Ah, Santa Fe!
My cousin Tracy and I had a bowl of green chili stew overlooking the plaza the night before our Two Needle Applique class with the great Native American beader, David Dean.
Under his grandmother's tutelage, David started beading broomsticks with pony beads when he was five years old, and he's been at it ever since.
He taught us the deceptively simple technique of Two Needle Applique, which is basically couching lines of beads down onto leather or fabric.
It was a small class, and there wasn't that much technical instruction required, so we were lucky to hear lots of stories about how he views different Native American tribes practicing their beadwork. Cheyennes are meticulous, and the Sioux are much more loose; Pueblo are highly traditional and the Navajo are wild and improvisational, for example...
We learned how to "museum up" new beadwork to make it look old. He does a lot of museum restoration so he knows all the tricks.
What a great story teller and teacher he was!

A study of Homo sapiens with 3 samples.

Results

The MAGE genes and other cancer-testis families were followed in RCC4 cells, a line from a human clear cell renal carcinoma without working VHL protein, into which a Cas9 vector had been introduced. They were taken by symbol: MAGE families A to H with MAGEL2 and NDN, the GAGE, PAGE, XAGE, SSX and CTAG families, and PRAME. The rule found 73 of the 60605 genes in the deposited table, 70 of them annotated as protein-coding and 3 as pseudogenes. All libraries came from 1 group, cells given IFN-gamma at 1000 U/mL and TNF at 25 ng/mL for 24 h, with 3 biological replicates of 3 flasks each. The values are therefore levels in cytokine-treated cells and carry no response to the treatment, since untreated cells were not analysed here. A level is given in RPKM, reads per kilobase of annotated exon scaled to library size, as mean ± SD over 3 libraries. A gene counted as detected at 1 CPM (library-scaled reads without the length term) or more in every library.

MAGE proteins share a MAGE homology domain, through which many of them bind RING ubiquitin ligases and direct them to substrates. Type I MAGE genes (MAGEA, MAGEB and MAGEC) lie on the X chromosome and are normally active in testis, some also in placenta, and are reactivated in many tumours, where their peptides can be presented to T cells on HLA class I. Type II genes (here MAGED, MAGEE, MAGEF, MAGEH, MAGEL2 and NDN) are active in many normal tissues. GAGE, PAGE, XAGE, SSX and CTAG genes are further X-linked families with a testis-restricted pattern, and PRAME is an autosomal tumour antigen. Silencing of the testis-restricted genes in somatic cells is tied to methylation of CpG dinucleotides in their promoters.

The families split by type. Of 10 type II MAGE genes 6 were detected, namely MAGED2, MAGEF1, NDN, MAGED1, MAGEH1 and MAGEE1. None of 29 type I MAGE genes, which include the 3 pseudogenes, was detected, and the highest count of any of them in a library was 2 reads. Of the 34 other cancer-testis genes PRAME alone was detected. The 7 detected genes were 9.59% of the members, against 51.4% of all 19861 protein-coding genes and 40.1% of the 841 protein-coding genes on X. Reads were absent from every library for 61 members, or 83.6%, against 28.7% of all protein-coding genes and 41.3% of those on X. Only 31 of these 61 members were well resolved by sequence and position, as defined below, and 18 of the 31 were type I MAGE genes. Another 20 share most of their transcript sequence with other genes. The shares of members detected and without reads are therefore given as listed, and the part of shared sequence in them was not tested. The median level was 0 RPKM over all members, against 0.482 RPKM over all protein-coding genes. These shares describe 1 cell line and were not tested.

Here is some of the work he brought to class to show us.
I believe the background is called "Lazy Stitch", but the roses and butterfly use the two needle technique.
Many of these objects were made for the various Native American dances David and his family participate in. It was really fun to hear about those, too.
This includes Mickey Mouse here, for a five year old nephew's costume!
The picture applique is magnificent I think.
Those are size 22 beads in the salmon there for detail. You don't have to use the same sized beads throughout a picture.
He said, "If you can draw it, you can bead it," and suggested looking at childrens' coloring books for great design ideas.
David showed us how to draft the mandala-like designs (I wish I could remember the term for them) that he beads.
He makes it look so easy.
But they are NOT easy! So beautiful and powerful, though.
It is rather slow work--but very enjoyable.
Of course it can be used in crazy quilting. (Every needle and beadwork technique can, just about.)
I gave it my best shot.....
The beads are supposed to lay flat, not stick up in little bumps. That's because I made the classic beginner's mistake of trying to fit too many beads in the space available.
But I hope to get better. This is a really great technique, and I loved learning it from such a master.
My cousin Tracy is a master of her pine needle basket technique. (She would not agree to this, but I believe it is so.) I did a photo shoot of some of her work and I'll post that tomorrow.